3-½ minutes to read

The most frequent complaint I hear from job seekers is they submit a lot of resumes and get few interviews. Countless people have told me, “I applied for this job that I fit perfectly and didn’t even get a call!” They seem to think if you submit a resume showing your skills you're entitled to an interview if not the job itself. This neglects the fact that a couple of hundred other people submitted resumes that show an equally ideal fit.

You Should Never Go on a Job Interview

 

The Funnel

If you think your resume will get you a job you’re kidding yourself. In today’s competitive market, if it does consider yourself as lucky as a lottery winner.  Don’t count on it happening again. Your resume has one purpose: To get you a meeting with the person who will decide who gets the job.

There are two paths to getting a job: the indirect and the direct. In the former, you submit a resume or application (sometimes both) through regular channels and hope for the best. You’re in a funnel designed to reduce around 200 applicants to five. Yes that’s right, on average 5.2 people are interviewed for a job. It’ll take more than the luck of the Irish to make the cut. (I’m writing this on St. Patrick’s Day don’t you know.)

The second path is how most if not all the people the company spoke with got their meetings. While they may have submitted a resume through the regular process, someone inside the company had it pulled and given consideration apart from the masses. Otherwise they sent it straight to the decision maker or someone in the company who passed it along to him. Your resume is your calling card. No more, no less.

You Want a Meeting Not a Job Interview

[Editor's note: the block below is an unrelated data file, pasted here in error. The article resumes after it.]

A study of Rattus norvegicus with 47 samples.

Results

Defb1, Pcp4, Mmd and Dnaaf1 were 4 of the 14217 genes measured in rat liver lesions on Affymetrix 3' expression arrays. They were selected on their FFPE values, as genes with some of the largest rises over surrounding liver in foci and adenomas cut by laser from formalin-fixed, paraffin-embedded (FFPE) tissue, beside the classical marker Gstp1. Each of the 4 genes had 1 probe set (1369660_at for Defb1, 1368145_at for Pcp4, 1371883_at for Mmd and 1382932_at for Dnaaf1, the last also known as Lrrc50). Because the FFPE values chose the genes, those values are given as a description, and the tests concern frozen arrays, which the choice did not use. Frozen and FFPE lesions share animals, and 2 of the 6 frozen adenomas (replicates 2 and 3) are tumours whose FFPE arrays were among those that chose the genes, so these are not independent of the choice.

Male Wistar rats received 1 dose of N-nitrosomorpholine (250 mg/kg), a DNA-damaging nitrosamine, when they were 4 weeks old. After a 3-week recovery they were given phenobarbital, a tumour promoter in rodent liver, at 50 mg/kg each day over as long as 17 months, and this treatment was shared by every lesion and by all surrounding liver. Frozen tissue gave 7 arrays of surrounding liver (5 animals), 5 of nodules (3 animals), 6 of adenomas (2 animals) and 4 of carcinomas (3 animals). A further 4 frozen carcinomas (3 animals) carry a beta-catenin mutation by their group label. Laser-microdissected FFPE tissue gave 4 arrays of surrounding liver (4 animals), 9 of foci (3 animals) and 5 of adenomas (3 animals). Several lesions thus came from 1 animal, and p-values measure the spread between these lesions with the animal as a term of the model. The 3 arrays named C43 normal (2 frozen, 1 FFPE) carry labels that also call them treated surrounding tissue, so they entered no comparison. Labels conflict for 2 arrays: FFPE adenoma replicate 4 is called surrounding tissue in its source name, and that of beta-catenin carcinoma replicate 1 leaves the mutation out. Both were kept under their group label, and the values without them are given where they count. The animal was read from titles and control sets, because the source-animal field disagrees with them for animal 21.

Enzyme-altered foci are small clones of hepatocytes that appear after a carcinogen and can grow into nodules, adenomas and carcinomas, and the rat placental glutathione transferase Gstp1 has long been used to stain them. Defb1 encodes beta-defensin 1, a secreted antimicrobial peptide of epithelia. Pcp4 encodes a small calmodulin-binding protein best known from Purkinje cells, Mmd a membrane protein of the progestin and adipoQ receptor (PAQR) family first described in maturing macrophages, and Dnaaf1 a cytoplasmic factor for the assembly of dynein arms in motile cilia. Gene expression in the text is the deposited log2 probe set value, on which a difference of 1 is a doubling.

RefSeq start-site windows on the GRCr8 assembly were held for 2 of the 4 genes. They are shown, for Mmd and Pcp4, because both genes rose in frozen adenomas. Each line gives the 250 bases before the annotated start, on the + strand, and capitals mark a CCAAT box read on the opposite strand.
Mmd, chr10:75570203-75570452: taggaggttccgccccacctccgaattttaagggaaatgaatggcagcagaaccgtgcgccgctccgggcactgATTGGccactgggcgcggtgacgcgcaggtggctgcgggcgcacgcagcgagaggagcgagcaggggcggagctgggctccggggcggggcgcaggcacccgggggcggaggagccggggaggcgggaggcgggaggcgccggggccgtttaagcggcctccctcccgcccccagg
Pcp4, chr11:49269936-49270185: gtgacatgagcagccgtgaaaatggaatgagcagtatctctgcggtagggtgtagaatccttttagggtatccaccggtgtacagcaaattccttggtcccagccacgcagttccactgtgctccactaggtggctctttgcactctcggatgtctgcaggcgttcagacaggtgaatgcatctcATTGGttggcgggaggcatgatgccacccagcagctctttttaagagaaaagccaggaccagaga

While in the 19th century interview and meeting were synonymous, today they’re not. An interview is an oral examination of an applicant for a job, college admissions, etc. In other words, you’re the supplicant. If you go in with a beggar’s mindset you’ll most likely come out empty handed.

How do you know you want, let alone will love a job, before you meet the people with whom you’ll be working? Why would a company hire you if you sit passively in an interview answering questions? Will this convince them you’ll be proactive in contributing to the company?

Stop wishing for a job interview. Get a meeting with the decision maker.

Attending a meeting is better because:

  1. Your mindset improves. You are not a supplicant. You’ll talk with the decision maker about how you and the company can benefit. This is what two competent professionals do.
  2. You can demonstrate leadership. You have 50% of the responsibility for making it work. Set your agenda. You should have researched the company and industry. What issues remain open? The better the questions you ask the more likely you are to get hired. A leader knows the ability to ask great questions is as important as having answers.
  3. You can showoff your expertise. No company is going to pay you a high salary so you can learn the business. You can discuss how receptive the organization is to your ideas for improvements that will grow the bottom line. Afraid your suggestions might be rejected and you won’t get the job as a result? Do you want to work in a situation where your initiative is stifled? Isn’t it better to know your perspective doesn’t mesh before you take the job?
  4. The final decision is mutual. Until you’ve heard what the company has to say you should be no more committed to taking the job than the company is to hiring you.  After the meeting you can follow up just like you would in any business situation. In the final analysis, the company should be as excited that you’ll accept an offer as you are about working at the company. If it’s not, you won’t have any leverage negotiating salary or anything else. Will you get any respect?

Until you give up begging for a job interview and starting setting up meetings you won’t find the job you want. In the end, you’ll hate going to work or end up starting another job hunt soon after getting hired.

Treat yourself like the professional you want a company to hire and pay well. If you don’t, nobody else will either.

How to you keep from feeling needy or desperate when you badly need work? Please comment below.

© , Kevin S. Bemel, All Rights Reserved

Disclosure of Material Connection: Some links in the above post are “affiliate links.” This means if you click on the link and purchase the item, I will receive an affiliate commission. Regardless, I only recommend products or services I use personally and believe will add value to my readers. I am disclosing this in accordance with the Federal Trade Commission’s 16 CFR, Part 255: “Guide Concerning the Use of Endorsements and Testimonials in Advertising.”